Sometimes, revelations come from the most unexpected circumstances.
One night a few years ago, I was sitting with a longtime friend named Marion in her childhood home in New Jersey.
She was there from Baltimore to help care for her hospitalized mother. My wife and had driven up to visit.
After spending the afternoon at the hospital, we were back at Marion’s house, where she made martinis exactly as she recalled her mother making them. She filled a cut-crystal highball glass with ice, poured two “fat fingers” of Beefeater gin, a “mite of vermouth, a little water to make it last longer,” and three olives. Stirred.
We talked about her childhood, her “mommy,” as Marion always called her, our families, and some larger topics: health, and how we live our lives. After a pause, Marion asked, “What are your five favorite foods?”
Perhaps the cocktails loosened the evening enough to pop such a question. Maybe it was the need to change the subject. Whatever the case, the exercise engaged us both for quite a while. Could “cheese” be an answer, or was a person required to choose a specific type? What about enchiladas — a certain filling or style, and only that filling or style?
But when it came to one item, there were no questions, only understandings. A summer tomato.
Oh, we could have parsed tomatoes. Brandywine, Purple Cherokee, beefsteak. Yada yada. There was no need.
We knew what we meant: the flavor of summer. Perfection.
So, here’s a question. Do you leave well enough alone if it’s perfect?
My answer: If you grill or smoke a tomato, you haven’t made it imperfect. You have just made it a different kind of perfect.
That’s my thinking when I place a beautiful, ripe, perfect tomato over a fire. I must say, I’m conflicted before I do so. Part of me simply wants to slice into the tomato, gaze upon its gorgeous color while beads of juice form, and, after sprinkling a little salt on a wedge, bite into it. Another part of me, though, can’t wait to place the plump fruit on a grate over the fire where, inevitably, the hot embers will blister its skin and scar its flesh.
That branding is the point, of course. The char adds dimension to the tomato’s essential tomato-ness.
Although a smoldering fire changes some foods (from raw to cooked, like ribs), to a tomato the distinctiveness doesn’t so much transform as transport. It keeps the tomato but takes it somewhere else.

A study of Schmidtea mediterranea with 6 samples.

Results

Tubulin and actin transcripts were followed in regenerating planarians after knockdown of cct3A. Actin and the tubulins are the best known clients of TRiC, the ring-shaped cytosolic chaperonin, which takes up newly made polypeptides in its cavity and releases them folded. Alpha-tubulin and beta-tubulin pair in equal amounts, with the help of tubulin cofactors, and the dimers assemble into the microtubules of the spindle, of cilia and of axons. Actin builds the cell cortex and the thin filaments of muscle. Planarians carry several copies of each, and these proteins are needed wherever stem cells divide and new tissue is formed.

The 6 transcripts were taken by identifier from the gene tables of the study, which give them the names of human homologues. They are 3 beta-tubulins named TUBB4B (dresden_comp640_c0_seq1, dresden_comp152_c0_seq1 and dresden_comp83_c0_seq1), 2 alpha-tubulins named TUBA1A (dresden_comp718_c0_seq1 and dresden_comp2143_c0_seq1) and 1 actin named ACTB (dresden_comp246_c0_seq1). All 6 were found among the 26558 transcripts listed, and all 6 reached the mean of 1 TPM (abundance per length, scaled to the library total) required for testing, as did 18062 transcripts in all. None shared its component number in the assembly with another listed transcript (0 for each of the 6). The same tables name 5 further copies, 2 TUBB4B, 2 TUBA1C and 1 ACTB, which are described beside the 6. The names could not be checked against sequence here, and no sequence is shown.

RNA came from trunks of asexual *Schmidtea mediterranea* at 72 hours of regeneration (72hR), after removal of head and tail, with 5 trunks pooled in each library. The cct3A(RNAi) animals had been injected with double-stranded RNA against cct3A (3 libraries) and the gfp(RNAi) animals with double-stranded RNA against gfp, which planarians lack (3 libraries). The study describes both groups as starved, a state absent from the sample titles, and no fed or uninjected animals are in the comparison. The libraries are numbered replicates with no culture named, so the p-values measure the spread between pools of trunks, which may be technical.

Not all tomatoes are created equal. Big and meaty, tiny and delicate. You can grill every last one of them, but you need a plan.
Choose firm tomatoes. The grill’s heat will turn an overly ripe tomato into mush. It’s fine, texturally, if a tomato is slightly underripe, but you won’t get the fruit’s full flavor.
For teardrop and cherry tomatoes, slice off the tops and put them in a vegetable basket so they don’t fall through the grate. Or alternate them, red and yellow, on a wooden skewer. Grill for a few minutes, then apply olive oil and salt to make a fabulous side dish.
Large tomatoes (about eight ounces or more) are great when cut in half horizontally, grilled on both sides, then used as a platform for chevre and herbs, added while on the grill or afterward. They can be wood-smoked for about 20 minutes and used for a tomato-based salsa as well. (If you’ve never had a charred-tomato salsa, by the way, you are missing out; just use your favorite salsa recipe, but substitute grilled or smoked tomatoes for raw tomatoes.)
Tomatoes are just as versatile on the grill as they are off it. But of all the dishes that can be made with charred or smoked tomatoes, cold tomato soups have a fire-and-ice quality I’m crazy about.
For those, I use juicy tomatoes that weigh 12 to 16 ounces each. I inspect them closely for soft spots and bruises. I make sure they feel hefty in my hand.
At home, I rinse them, core them and slice off the bottoms so they don’t roll on the grate. Depending on my mood, I’ll either cut the tomatoes in half or smoke them whole. Sometimes I do both: grill, then smoke.
That is what I do for gazpacho. The singed and smoky tomatoes create an intoxicating bouquet, the aroma of the grill mingling with the flavors of the garden. Because I want to keep the basic flavor of the classic summer soup intact, I don’t smoke any of the other ingredients.
My new favorite is a pretty, two-toned soup, also served cold. I use big, meaty types of whatever looks good among yellow and red varieties, such as Golden Jubilees or Golden Sunrays and Purple Cherokees or Brandywines. They get a wash of pecan wood smoke for about 30 minutes before I puree them, keeping the colors separate.
I like the dual colors for what I initially thought was a single reason: presentation. Ideally, you would pour the red and yellow soups simultaneously into a cocktail glass for a striking contrast. But it doesn’t always turn out that way — at least, not for me. Sometimes, they just slosh together, resulting in a single rose-hued blend.
The first time this happened, my heart sank. That’s when I discovered a second reason: taste. The acidic yellows and sweet reds combine with the whisper of smoke, creating a palate-essay on the notion of perfection.